Day 1...Sept. 17...Olgii to Tsengel.Tsengel Camp
The distance from the regional airstrip in Olgii to our trailhead at Shiveet Khairkhan could be covered in a single day’s drive using our refitted Land Cruisers, but our flight arrived in Olgii in mid-afternoon and we needed to break the journey at the small town of Tsengel. Tsengel sits along the Tsagaan Gol, the White River, at a place where the stream has slowed to a meander through wet pastures which, just a few weeks earlier, would have been miserable with mosquitoes. Yaks, yak-bred cattle, camels, goats and sheep are herded in the meadows west of town where we camped. There was ample ground for a very large group to camp here.
This first evening allowed us time to discuss the strategy for the expedition with the Nomadic Expeditions guide, Baatar Navaansharav, called Baagi. This was especially necessary because the goals of the expedition were not as concrete as many, being mainly the creation of a series of images that would inspire conservation awareness in potential supporters of the local snow leopard conservation efforts. Rodney Jackson, of The Snow Leopard Conservancy, had additionally asked that we look for and document any sacred sites or traditions that might be relevant and useful towards encouraging snow leopard conservation. We determined that we, on horseback, would be capable of transects through the mountains that the support camels could not use, and certainly the vehicles could not reach at all. Still, our camels, while not as agile as horses, could each carry approximately the full load carried by the Toyota Land Cruisers, and gave us greater access to less traveled areas. These proved to be fertile areas for snow leopard signs.
The local Tuvan and Kazakh herders were switching from camels to trucks for their seasonal move from summer to winter pastures. This meant that there were many truck roads that really only saw traffic once or twice a year during the migration. We would follow these at times, as they are obviously the preferred conduits between valleys, but even when the camels followed the truck roads, we would ride laterally as far out as possible from the road to scout. As road use increases, human activity and attention are concentrated more along trackways. Slower, more free-ranging horseback and foot travel has the potential to uncover much more detail. In fact, the speed and visual isolation of vehicle travel almost insures that you will only see what you've already planned to see. We wanted more visual access.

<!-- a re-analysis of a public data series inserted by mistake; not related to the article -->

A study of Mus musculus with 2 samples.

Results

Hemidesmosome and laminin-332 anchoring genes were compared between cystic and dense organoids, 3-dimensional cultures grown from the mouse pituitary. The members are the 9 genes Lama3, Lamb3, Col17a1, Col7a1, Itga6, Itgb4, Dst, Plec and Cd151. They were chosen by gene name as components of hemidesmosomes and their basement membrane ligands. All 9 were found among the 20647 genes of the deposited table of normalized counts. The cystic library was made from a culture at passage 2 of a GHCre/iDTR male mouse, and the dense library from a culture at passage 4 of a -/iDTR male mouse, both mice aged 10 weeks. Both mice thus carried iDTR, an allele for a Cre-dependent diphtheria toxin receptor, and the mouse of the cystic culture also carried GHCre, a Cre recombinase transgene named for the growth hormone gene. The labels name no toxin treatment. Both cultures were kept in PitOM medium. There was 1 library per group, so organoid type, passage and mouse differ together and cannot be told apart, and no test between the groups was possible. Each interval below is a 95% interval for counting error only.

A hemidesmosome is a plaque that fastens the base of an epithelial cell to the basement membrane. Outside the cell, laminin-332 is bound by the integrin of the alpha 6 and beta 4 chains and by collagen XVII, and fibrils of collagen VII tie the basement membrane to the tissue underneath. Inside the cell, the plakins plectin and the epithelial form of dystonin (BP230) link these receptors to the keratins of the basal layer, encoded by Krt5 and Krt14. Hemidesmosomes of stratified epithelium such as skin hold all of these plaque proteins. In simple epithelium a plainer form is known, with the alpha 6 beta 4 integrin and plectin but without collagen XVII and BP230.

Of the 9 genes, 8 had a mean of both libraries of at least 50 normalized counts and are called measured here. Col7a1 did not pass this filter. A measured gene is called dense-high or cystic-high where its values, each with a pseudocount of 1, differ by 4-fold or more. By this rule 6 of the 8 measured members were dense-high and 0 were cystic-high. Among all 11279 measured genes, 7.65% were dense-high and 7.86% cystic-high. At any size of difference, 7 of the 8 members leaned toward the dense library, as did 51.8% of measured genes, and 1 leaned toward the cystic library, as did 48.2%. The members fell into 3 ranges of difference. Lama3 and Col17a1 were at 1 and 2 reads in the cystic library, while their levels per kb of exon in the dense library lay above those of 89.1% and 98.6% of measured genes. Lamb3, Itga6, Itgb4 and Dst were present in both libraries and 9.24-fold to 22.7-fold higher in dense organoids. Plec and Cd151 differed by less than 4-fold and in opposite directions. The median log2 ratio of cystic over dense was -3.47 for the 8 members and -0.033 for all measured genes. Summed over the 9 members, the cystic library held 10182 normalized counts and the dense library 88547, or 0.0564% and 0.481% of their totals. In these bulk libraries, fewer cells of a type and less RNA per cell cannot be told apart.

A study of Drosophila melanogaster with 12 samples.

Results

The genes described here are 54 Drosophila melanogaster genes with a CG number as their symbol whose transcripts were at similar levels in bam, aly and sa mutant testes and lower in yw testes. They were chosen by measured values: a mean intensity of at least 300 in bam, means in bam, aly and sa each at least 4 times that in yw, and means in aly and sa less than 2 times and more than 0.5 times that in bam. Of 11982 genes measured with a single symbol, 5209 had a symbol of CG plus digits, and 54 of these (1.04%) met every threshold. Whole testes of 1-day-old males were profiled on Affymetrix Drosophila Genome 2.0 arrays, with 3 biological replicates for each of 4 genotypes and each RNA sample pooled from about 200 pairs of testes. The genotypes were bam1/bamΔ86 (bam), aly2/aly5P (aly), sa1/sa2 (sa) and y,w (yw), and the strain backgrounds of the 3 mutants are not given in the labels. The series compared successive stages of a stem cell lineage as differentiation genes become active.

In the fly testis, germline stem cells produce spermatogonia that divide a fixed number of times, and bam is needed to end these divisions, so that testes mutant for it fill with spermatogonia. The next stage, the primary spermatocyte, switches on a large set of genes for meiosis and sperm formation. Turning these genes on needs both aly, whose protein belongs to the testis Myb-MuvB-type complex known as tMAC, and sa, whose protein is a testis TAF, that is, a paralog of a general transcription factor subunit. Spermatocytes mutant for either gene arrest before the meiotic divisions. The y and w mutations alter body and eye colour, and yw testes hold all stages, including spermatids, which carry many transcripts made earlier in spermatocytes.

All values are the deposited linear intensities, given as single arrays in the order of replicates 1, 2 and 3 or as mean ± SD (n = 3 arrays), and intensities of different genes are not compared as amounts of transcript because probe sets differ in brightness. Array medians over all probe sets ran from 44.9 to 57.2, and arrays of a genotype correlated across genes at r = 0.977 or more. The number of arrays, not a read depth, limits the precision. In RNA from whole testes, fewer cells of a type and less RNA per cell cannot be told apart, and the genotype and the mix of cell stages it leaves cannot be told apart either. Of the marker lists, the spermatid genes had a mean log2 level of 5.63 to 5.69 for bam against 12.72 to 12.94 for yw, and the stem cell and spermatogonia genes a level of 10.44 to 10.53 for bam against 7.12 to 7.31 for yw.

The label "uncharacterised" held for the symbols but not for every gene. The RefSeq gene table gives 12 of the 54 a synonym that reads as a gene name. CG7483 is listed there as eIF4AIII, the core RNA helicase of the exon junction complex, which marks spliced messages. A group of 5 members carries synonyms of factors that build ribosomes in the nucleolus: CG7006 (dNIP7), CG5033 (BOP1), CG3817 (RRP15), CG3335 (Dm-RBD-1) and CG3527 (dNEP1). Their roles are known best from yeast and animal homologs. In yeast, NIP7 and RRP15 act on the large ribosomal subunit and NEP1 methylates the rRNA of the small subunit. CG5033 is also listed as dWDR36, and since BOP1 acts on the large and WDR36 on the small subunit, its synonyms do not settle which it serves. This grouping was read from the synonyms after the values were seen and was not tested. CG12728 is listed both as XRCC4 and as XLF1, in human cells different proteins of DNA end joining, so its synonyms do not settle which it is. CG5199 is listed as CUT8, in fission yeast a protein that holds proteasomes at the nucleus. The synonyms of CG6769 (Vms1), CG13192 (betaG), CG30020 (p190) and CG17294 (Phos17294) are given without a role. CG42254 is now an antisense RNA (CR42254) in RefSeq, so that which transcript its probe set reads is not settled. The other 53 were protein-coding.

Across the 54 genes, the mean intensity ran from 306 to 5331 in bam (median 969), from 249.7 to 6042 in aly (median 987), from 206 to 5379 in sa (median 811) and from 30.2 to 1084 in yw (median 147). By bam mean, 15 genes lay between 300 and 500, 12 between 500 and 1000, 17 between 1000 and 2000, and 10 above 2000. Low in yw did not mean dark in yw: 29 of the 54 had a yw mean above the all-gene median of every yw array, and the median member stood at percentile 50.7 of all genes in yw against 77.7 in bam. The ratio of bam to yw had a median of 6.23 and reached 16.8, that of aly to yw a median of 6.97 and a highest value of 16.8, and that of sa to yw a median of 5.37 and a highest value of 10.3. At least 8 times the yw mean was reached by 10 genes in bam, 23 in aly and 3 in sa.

I had given myself a budget of discretionary days with which to execute paintings, but had assumed that we would stretch the large canvases the day before. The guides assumptions were that we would cover as much ground as possible on horseback and arrive at each camp rather late. This would leave no time for stretching, since a late arrival in camp means all energy must be devoted to set up before nightfall. People unfamiliar with painting often miscalculate the prep time and breakdown time involved, not to mention the time spent actually executing an image. All this early discussion led to new logistical thinking, which our guide Baagi, was adept and enthusiastic with. We would need to shorten the marches and sacrifice project sites at the back end of the proposed itinerary. Once all this was discussed and understood, we were ready to go.